The child with a terminal illness has the same need for love, emotional support, and
normal activities as any person facing death. Love, respect, and dignity are all important
factors in caring for a dying child. The following psychosocial needs of the dying
child should be considered:
Time to be a child. Engage in age-appropriate activities for children, such as age-appropriate play.
Communication/listening/expression of fears or anger. The child should have someone they can talk to about his or her fears, joys, anger,
or to simply talk about the weather. Being alone at the time of death is a common
fear for dying children. Listening to them is the most important way to help. Accepting
that the child does not want to talk about dying is also important; the parents' needs may
often be greater and they should seek out someone they can talk to. If "big" issues
are not discussed, we should never underestimate the importance of a nonjudgmental
and caring presence.
Depression and withdrawal. Independence and control need to be given to the dying teenager whenever possible.
Many physical changes that happen before death can make the child very dependent for
even simple tasks. Loss of control and depression may cause withdrawal. It is important
to validate these feelings without forcing communication.
Spiritual needs. Spiritual and cultural needs should be respected and provided for. Rituals allowing
the child and his or her family to remember, giving thanks and expressing gratitude,
and saying goodbye are all ways to honor the transition from getting well to letting
go or dying. What and how much to tell a child is dependent on the culture and ethnic
background of the family.
Wish fulfillment. Some organizations provide funding for a "wish" for seriously and/or terminally ill
children. If possible, help the child decide what they would most like to do before
they die. A shopping spree, Disney World, a new computer, or meeting a famous star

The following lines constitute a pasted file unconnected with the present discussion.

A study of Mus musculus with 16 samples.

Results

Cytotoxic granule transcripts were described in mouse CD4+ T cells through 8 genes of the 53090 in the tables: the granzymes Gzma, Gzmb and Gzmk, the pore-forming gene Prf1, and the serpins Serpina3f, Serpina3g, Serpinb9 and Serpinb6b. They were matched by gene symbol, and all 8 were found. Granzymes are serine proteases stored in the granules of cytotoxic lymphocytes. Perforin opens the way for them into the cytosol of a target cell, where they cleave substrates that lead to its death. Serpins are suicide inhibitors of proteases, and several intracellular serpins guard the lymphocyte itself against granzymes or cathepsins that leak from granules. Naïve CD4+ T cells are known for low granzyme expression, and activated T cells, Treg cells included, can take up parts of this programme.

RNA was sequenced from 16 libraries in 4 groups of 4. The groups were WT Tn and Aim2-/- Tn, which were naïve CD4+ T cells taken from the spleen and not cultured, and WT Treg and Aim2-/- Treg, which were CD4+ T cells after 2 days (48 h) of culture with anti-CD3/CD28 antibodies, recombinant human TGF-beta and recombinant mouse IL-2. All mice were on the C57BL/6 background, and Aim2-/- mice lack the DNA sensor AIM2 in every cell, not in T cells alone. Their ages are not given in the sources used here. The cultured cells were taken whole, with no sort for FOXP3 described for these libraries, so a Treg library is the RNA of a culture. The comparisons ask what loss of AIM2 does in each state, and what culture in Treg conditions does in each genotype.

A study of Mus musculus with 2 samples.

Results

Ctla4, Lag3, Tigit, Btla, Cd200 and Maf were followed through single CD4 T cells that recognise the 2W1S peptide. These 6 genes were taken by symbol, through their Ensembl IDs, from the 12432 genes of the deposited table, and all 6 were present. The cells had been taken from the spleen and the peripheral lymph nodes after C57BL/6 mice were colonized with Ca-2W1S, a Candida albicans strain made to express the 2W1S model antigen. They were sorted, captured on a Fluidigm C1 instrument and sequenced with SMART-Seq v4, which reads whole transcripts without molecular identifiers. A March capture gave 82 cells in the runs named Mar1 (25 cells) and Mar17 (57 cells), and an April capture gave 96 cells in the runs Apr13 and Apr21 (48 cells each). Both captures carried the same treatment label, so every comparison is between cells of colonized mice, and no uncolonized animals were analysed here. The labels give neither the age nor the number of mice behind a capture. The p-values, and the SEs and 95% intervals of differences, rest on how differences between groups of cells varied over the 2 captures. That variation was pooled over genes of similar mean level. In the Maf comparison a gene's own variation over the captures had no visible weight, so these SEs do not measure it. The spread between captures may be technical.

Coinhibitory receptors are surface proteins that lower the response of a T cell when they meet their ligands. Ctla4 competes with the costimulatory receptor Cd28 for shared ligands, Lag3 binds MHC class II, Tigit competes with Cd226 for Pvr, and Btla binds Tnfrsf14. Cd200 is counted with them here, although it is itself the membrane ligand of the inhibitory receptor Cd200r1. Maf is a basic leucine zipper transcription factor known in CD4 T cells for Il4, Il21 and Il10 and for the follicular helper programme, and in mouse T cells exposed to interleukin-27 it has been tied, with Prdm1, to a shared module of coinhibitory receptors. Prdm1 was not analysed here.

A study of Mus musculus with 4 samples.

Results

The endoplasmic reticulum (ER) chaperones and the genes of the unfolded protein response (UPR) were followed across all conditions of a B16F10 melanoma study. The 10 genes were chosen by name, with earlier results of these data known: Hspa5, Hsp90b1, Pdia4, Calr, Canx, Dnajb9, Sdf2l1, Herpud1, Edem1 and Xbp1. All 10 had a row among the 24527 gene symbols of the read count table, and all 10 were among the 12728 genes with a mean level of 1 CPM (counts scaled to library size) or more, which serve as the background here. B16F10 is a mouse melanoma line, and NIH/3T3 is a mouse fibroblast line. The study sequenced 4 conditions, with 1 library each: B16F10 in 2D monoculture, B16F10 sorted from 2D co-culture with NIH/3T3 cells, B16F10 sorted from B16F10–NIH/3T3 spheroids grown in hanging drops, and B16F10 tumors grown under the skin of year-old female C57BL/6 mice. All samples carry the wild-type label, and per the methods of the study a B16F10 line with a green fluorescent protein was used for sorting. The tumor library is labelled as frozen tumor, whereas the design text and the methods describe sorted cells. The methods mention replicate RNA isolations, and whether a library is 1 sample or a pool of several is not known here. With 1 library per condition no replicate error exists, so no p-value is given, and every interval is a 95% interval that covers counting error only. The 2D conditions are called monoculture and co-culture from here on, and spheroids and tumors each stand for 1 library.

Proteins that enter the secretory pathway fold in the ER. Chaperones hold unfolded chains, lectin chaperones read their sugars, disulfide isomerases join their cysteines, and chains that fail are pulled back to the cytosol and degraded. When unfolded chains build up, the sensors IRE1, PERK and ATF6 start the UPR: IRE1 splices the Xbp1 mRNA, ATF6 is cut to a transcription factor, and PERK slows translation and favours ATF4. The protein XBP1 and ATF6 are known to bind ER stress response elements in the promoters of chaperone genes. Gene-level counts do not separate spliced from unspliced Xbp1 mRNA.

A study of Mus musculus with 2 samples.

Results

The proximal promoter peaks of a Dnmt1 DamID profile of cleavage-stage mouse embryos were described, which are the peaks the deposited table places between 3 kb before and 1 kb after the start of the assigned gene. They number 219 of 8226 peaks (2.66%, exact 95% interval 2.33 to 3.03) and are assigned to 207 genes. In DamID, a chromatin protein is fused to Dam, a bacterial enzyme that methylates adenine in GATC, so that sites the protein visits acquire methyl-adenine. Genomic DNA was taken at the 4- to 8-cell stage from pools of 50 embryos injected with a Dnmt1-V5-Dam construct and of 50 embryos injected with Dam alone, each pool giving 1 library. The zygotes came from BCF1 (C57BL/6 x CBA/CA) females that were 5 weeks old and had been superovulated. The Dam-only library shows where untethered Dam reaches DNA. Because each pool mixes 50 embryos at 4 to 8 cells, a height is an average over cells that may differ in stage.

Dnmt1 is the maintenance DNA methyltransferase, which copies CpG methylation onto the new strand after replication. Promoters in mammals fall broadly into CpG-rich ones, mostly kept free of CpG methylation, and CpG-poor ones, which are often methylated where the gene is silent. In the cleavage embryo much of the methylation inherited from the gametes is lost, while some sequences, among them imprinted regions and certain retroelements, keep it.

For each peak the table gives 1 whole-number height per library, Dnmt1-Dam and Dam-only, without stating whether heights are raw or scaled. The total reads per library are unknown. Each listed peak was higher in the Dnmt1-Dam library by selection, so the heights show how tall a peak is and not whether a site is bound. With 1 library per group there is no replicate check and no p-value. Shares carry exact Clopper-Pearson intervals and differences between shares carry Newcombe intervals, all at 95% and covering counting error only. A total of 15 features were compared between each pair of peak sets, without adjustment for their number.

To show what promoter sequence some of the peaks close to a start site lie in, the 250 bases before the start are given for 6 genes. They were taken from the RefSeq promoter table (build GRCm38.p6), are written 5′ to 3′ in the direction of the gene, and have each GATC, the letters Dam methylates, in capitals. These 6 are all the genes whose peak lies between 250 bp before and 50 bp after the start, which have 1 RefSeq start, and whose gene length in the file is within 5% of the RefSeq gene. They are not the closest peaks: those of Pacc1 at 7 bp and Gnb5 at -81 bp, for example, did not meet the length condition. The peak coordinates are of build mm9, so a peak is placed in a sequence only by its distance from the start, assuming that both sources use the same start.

are examples of children's "wishes." If the child is able to actively participate,
all measures should be provided for him or her. These wishes often create wonderful
memories for families of children with a terminal illness.
Permission from loved ones to die. Some children seem to need "permission" to die. Many children fear their death will
hurt their parents and leaving them behind will make them very sad. It has been observed
that children will cling to life through pain and suffering until they get "permission"
from their parents to die. This has been described in the dying adult, as well. Sometimes,
parents are not always the best people to give this permission. Someone close to both
the parents and the child may be more appropriate.
Comfort in knowing they are not alone in the dying process. The dying child most often wants reassurance that he or she will not die alone and
that he or she will be missed. Parents and loved ones need to comfort the child and
tell him or her that, when death happens, they will be right at the bedside. This
is often a difficult promise to keep, but every effort should be made to be holding
or touching the child when he or she dies. The presence at death benefits both caregivers
and the child.
Limit setting. Parents need to continue setting appropriate limits on a child's behavior and not
let their guilt or grief influence their normal parenting. If not, the consequence
can be children becoming or feeling out of control.